Wednesday, July 25, 2012

Review: Beauty for Ashes by Dorothy Love

From the Back Cover:

She's a beautiful young widow. He's a Southern gentleman with a thirst for adventure. Both need a place to call home.

After losing her husband in the Civil War, Carrie Daly is scared she will never have the family she longs for. Eligible bachelors are scarce in Hickory Ridge, Tennessee, but Carrie has found love. Not the weak-in-the-knees kind, but something practical. Still, she isn't quite ready to set a wedding date with Nate Chastain.

Griff Rutledge is a former member of Charleston society, but has been estranged from his family for years. He's determined to remain unattached, never settling in one place for too long. But when asked to train a Thoroughbred for an upcoming race in Hickory Ridge, he decides to stay awhile.

Despite objections from the townsfolk, and her fear that true happiness has eluded her, Carrie is drawn to Griff's kindness and charm. It will take a leap of faith for them to open their hearts and claim God's promise to give beauty for ashes.

My Thoughts:

Carrie Daly's life over the past ten years has not been particularly exciting, but it has been stable and satisfying. But two events are about to turn her neat and ordered world upside down: her brother’s marriage and the arrival of Griff Rutledge, a handsome stranger with a reputation as a scoundrel who’s come to train a horse for a race intended to draw tourists and their money into town. Ever since Carrie’s husband died fighting in the Civil War, Carrie has lived with her brother Henry, helping him take care of the family farm. But when his prissy new bride Mary and her hell-raising children move in, Carrie realizes she’s got to move out before she goes crazy or kills somebody. She moves into the run-down ladies’ hotel in Hickory Ridge and tries to earn her keep by cleaning and baking. She also tries hard not to fall for Griff’s dashing smile and risk-taking personality, but the women of society in Hickory Ridge condemn her anyway for behavior they deem inappropriate.

The entire country is held in the grip of depression, but times are even tougher in Hickory Ridge. Henry leaves for a job opportunity in Chicago and Carrie reluctantly agrees to move back to his house to help care for the farm and for Mary, who is in the midst of a difficult pregnancy. It’s a hard spot for Carrie to be in. Mary treats her like a servant and her children are incorrigible. Cutesy kids in novels get on my nerves, but the two little boys who take over Carrie's life are little hellions! They make for some interesting reading, especially as Carrie makes an attempt to get to know them better and realizes how tough they’ve had it. Griff helps her out in that respect, coming by the farm as often as he can under the guise of helping two women in need, but really he can’t stay away from Carrie. It’s a new feeling for him, and he begins to question whether he’ll still go through with his plans to leave town after the big horse race. And he’s not sure if Carrie can handle the secrets he’s hiding.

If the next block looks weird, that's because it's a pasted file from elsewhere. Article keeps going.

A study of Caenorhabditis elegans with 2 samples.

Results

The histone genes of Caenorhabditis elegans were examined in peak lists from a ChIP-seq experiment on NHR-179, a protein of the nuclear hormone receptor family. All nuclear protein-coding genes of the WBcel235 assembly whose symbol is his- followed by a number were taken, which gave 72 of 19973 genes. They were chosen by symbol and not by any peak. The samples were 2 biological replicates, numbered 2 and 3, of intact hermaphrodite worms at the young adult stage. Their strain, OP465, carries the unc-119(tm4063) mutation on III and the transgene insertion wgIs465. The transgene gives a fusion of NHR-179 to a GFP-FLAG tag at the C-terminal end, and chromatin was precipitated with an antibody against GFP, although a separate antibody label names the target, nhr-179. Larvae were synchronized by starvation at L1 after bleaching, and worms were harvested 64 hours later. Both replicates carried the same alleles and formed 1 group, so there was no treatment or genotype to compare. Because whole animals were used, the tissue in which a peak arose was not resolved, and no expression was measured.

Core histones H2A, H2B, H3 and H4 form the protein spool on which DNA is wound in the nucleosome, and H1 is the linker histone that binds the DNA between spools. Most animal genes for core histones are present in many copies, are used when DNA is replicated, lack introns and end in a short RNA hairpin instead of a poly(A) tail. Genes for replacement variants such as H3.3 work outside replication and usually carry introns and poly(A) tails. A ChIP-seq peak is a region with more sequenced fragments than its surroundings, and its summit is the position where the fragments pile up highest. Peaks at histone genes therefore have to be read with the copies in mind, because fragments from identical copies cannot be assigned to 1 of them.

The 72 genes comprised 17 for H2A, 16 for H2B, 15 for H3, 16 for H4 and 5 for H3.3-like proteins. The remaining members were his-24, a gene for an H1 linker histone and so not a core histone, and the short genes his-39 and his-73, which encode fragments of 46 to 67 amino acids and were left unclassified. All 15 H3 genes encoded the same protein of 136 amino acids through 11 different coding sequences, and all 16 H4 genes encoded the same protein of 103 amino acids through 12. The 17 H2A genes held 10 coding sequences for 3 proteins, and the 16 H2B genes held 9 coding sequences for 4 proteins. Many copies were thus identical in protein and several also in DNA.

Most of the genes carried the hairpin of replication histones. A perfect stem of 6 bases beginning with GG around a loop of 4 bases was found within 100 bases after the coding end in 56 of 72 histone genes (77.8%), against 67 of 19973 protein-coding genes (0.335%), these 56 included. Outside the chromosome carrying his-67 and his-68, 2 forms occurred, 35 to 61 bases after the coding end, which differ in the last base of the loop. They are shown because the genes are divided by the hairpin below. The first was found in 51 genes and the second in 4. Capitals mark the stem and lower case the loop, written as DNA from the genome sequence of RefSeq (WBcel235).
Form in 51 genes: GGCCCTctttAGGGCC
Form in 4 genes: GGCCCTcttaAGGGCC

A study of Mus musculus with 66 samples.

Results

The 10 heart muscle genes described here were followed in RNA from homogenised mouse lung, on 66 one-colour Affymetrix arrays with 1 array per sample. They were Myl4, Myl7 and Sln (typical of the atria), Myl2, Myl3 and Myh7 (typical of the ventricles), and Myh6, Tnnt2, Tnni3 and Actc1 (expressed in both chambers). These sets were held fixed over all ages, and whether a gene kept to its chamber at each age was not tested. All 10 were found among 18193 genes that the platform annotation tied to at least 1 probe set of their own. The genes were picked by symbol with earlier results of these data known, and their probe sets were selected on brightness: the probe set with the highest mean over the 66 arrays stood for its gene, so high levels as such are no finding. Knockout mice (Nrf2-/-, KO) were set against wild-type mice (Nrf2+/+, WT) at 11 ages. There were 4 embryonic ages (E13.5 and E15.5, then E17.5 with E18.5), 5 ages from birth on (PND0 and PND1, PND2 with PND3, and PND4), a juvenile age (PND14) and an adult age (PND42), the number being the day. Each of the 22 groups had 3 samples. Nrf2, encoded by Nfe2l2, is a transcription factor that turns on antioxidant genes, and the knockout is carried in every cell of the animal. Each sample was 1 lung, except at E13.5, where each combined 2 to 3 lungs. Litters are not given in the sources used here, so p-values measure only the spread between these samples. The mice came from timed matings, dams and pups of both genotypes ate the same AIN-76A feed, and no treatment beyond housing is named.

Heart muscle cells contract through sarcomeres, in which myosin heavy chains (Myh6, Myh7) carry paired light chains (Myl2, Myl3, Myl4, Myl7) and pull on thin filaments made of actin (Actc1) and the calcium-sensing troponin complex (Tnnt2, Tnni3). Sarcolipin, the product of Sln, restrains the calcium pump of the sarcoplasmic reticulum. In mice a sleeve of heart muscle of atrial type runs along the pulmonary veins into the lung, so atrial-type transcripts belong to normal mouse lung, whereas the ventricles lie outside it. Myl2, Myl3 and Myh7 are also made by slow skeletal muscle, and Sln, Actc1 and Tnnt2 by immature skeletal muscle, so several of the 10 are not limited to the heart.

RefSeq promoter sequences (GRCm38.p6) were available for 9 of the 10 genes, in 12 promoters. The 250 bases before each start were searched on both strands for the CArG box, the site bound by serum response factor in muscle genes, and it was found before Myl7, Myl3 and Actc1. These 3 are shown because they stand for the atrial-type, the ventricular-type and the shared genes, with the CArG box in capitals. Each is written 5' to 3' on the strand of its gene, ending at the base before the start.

I'm torn a bit on my rating for this one, because, on the one hand, it's very well-written and the depiction of small-town southern life is fantastic. The fact that the town has fallen on hard times makes it all the more realistic and poignant. I was transported to Hickory Ridge while reading this book. On the other hand, the characters and the storyline are not particularly memorable. I had hoped the story would concentrate more on the horse-racing aspect than it did. It was a nice read, but the romance wasn’t swoon-worthy and it didn’t stand out to me as being better than any other inspirational historicals I’ve read recently. But there were a couple of surprises in the story and I thought the inspirational theme was nicely done and tied in very well with the plot. So good writing wins out, especially given the number of authors laughing their way to the bank these days on the backs of terrible novels.

My Rating: 4 Stars out of 5

*Please Note: This review references an advance copy received from the publisher through the Amazon Vine program. These are my unbiased opinions and I was not compensated in any other way for reviewing this book.


  1. This seems like a sweet romance, which are hit and miss for me because sometimes I really want the swoon-worthy romance.

    1. The romance was not the strongest part of this novel. Still a good read, but I like to swoon, too!

  2. I have not heard of this one- but I do enjoy HF. It sounds like a good book and I am happy to hear that it is well written. Your review was very helpful.


  3. I'm with Laura on the sweet romances, but I am drawn by the underlying story. Thanks for a great review; I'll keep an eye out for this one.